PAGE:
County board to address number of cabins allowed at campgrounds
An Illinois couple was recently recognized as the winner of the 18th annual Door County Entrepreneur Training Program Business Plan Contest with a seasonal housing plan they hope to make a reality for the 2020 season.
Jamie and Greg Schab were honored in what was called the “most competitive field in many years” for an “incredible, well-articulated, thorough plan” that received 284 out of 300 points from the judges.
The plan calls for placing cabins on 40 acres in Baileys Harbor; the cabins will be rented to seasonal employees.
“The Schabs are offering a solution for one of the key economic challenges currently facing Door County as identified by the recent housing study,” said Jim Schuessler, executive director of Door County Economic Development Corporation, in announcing their contest win. “Their proposal offers high-quality, affordable seasonal housing for J-1 workers while fully respecting their future neighbors in the site where it will be developed.”
However, according to letters that poured in to the county recently, some neighbors don’t see it that way. Some are accusing the Schabs of using the county/state campground ordinances to create what one letter writer described as a “high-density, substandard housing development.”
The Schabs say they are just trying to help the county – in their own small way – to reduce the seasonal-workforce housing shortage while creating a business for themselves and their two sons, ages 13 and 15.
“We’re campers. We kind of know the lifestyle,” Jamie said. “We started putting ideas together, and that’s how we got the concept. We had read about other [housing] projects that didn’t go through, like dorm-style, and I thought a campground-style would work. With Door County being so outdoorsy, we thought it would be a good idea.”
The 40 acres are located at a former cherry orchard on Ahrens Road in Baileys Harbor.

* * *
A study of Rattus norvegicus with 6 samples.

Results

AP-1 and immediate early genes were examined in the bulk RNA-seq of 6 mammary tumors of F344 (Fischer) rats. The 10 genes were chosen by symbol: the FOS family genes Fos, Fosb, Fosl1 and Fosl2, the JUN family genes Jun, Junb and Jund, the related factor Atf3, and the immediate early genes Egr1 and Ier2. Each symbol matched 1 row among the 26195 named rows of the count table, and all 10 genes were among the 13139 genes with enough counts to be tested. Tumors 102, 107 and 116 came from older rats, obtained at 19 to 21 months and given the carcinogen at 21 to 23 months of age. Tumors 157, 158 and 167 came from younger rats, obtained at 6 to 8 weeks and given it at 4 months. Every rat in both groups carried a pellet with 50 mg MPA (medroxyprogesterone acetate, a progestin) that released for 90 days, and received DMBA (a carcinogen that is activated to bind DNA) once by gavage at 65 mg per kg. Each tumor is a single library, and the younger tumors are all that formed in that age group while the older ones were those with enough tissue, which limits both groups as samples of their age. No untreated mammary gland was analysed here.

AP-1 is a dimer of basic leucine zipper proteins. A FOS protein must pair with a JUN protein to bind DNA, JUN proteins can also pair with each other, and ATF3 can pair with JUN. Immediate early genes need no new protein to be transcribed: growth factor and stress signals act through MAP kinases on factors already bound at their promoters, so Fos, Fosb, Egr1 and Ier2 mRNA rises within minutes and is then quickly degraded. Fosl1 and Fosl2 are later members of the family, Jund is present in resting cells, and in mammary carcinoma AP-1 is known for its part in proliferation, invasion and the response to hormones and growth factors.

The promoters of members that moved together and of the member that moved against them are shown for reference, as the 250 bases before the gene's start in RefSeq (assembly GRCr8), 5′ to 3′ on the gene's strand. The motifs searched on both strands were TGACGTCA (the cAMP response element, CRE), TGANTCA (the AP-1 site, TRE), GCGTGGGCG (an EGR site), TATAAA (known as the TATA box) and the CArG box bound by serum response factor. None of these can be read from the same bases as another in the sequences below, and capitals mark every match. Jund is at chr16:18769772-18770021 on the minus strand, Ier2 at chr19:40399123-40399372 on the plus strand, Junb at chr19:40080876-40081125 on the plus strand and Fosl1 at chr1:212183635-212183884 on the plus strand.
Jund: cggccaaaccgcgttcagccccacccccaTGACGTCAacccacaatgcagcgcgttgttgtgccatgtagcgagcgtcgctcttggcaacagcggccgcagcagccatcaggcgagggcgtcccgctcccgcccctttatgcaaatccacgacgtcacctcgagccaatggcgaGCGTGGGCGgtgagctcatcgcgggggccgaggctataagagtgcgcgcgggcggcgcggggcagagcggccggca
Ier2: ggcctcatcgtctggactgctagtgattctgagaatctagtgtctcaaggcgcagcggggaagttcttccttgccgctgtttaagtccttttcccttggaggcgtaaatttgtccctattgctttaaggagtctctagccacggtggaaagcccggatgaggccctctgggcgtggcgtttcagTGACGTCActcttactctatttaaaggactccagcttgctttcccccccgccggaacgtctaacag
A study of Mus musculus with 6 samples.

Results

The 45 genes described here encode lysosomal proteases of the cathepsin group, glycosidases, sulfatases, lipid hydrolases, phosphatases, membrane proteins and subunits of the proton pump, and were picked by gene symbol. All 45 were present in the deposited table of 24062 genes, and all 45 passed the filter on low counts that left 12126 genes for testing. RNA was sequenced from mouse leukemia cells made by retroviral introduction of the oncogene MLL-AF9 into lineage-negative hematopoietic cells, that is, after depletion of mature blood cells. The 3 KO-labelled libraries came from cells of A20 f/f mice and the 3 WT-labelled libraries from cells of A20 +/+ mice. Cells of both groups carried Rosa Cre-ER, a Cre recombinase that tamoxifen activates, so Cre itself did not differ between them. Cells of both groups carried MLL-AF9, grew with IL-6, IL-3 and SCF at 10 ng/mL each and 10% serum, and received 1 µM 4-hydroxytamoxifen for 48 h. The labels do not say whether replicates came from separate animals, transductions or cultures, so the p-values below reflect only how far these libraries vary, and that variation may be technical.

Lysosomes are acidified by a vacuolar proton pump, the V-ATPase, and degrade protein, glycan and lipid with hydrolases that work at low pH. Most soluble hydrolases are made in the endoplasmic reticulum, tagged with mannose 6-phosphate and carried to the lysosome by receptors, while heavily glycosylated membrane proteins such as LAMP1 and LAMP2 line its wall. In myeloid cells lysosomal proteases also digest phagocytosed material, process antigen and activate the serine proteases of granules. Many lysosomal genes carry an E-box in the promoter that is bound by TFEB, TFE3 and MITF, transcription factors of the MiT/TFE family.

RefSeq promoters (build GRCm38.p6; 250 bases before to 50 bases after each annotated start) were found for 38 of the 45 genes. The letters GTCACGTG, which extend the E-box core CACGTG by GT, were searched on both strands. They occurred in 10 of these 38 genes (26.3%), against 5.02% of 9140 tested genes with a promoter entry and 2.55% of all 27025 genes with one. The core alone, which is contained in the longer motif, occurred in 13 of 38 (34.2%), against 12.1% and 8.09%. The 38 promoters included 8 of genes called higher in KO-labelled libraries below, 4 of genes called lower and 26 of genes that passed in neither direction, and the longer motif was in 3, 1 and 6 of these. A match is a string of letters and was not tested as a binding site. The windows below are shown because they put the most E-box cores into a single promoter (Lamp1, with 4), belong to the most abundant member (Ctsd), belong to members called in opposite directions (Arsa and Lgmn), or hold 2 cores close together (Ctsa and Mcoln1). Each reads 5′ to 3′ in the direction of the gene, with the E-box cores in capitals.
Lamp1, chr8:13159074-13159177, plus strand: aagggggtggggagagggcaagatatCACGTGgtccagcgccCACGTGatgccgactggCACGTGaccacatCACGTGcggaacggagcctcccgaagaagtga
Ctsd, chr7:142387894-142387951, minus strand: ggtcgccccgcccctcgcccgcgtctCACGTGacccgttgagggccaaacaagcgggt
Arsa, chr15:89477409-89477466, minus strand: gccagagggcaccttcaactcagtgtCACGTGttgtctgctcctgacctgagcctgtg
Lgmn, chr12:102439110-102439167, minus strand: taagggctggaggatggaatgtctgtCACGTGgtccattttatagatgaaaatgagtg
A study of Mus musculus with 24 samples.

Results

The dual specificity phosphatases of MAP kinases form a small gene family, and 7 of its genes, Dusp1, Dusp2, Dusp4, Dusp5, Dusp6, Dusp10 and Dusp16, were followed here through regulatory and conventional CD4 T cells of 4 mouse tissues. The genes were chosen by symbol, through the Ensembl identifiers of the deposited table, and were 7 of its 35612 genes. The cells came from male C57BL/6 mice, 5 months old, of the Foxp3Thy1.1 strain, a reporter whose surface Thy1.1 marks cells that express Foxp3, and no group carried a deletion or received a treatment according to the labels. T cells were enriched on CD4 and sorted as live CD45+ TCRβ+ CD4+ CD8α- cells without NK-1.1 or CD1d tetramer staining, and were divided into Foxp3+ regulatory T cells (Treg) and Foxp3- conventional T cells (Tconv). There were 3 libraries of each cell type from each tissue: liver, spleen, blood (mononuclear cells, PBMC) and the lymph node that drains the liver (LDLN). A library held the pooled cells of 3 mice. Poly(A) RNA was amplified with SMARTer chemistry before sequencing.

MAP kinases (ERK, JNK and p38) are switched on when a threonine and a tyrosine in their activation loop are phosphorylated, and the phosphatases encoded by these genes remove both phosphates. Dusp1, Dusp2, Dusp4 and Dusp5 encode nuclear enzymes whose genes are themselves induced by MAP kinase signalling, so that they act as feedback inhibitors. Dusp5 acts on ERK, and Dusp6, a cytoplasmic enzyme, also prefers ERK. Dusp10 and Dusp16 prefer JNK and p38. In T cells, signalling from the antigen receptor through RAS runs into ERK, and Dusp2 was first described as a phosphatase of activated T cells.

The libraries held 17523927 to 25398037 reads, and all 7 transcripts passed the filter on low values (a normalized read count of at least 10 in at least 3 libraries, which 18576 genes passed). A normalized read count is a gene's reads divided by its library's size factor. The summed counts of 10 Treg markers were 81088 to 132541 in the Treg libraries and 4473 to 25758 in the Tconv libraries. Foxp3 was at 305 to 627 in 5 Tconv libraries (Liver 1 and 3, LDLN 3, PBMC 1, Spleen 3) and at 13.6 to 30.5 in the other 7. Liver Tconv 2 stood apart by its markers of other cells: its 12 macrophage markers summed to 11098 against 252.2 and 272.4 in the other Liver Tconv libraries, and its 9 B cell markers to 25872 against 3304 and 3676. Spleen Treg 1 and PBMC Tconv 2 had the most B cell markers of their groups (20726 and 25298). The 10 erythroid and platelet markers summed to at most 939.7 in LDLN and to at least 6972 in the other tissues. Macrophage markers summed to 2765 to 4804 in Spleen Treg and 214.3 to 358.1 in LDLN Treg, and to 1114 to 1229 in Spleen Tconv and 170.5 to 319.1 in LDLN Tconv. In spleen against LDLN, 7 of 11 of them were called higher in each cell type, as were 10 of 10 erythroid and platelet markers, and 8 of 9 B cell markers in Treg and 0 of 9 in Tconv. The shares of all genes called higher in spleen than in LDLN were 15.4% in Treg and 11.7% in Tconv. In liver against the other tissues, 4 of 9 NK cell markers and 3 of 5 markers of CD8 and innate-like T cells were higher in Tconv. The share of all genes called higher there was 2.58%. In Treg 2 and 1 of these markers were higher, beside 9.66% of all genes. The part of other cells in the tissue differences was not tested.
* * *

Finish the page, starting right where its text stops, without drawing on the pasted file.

Jamie said the family would reserve three and a half to five acres of the property for a house and their personal property, and they are working with a cabin builder in Unity, Wisconsin, to come up with 16 14-foot-by-28-foot cabins with four-foot porches on the front. Each unit would have three bedrooms with bunk beds (the state campground code allows six people on a single campsite), a small community area for a couch and a small kitchen with a microwave and refrigerator. The cabins would have electricity but no bathrooms.
An existing processing building on the property would be converted to communal use, with bathrooms, showers, a laundry facility, a kitchen for cooking meals and a general store.
They have also been talking to Door County Cab about having a shuttle service to help the workers get to work.
“This is going to be a community effort trying to get these kids back and forth,” Greg said. “I’ve been talking to business owners in Baileys Harbor, where I’m gathering support for the project. There are 58 businesses in Baileys Harbor. I delivered pamphlets to each business and talked to most of the business owners.”
“And they were very interested in the project,” Jamie added.
“We’re not developers,” Greg said. “We’re people who want to build a business. We’ll be living there.”
The Schabs are still gathering paperwork and waiting for their civil engineer to finalize some documents before submitting an application for a conditional use permit to the Door County Land Use Services.
Mariah Goode, head of Land Use Services, said she has met with the Schabs and advised them of possible changes coming to the county campground ordinance that could have an impact on their plans.
At its Aug. 1 meeting, the county’s Resource Planning Commission (RPC) recommended some changes to the county ordinance that include allowing plumbing and electrical for campground cabins. But the committee also decided to limit the number of cabins at campgrounds.
“That’s where the Catch-22 is specifically to the Schabs’ proposal,” Goode said. “They want to do 100 percent camping cabins, which is currently allowed and will be allowed until probably the first of October.”
She explained that when the county board approves a modified version of a text amendment that has been put forward for a public hearing, the amendment doesn’t go into effect until 40 days after the county votes on it. The RPC held the public hearing on Aug. 1, and the county board will probably make a decision on the revision at its Aug. 27 meeting.
“In order to even come remotely close to what they want to do, the Schabs need to apply within 40 days of the county board vote,” Goode said. “But I don’t know what’s going to happen at the county board. Generally, they tend to go along with committee recommendations, so we’ll see. I’m sure there might be some questions.”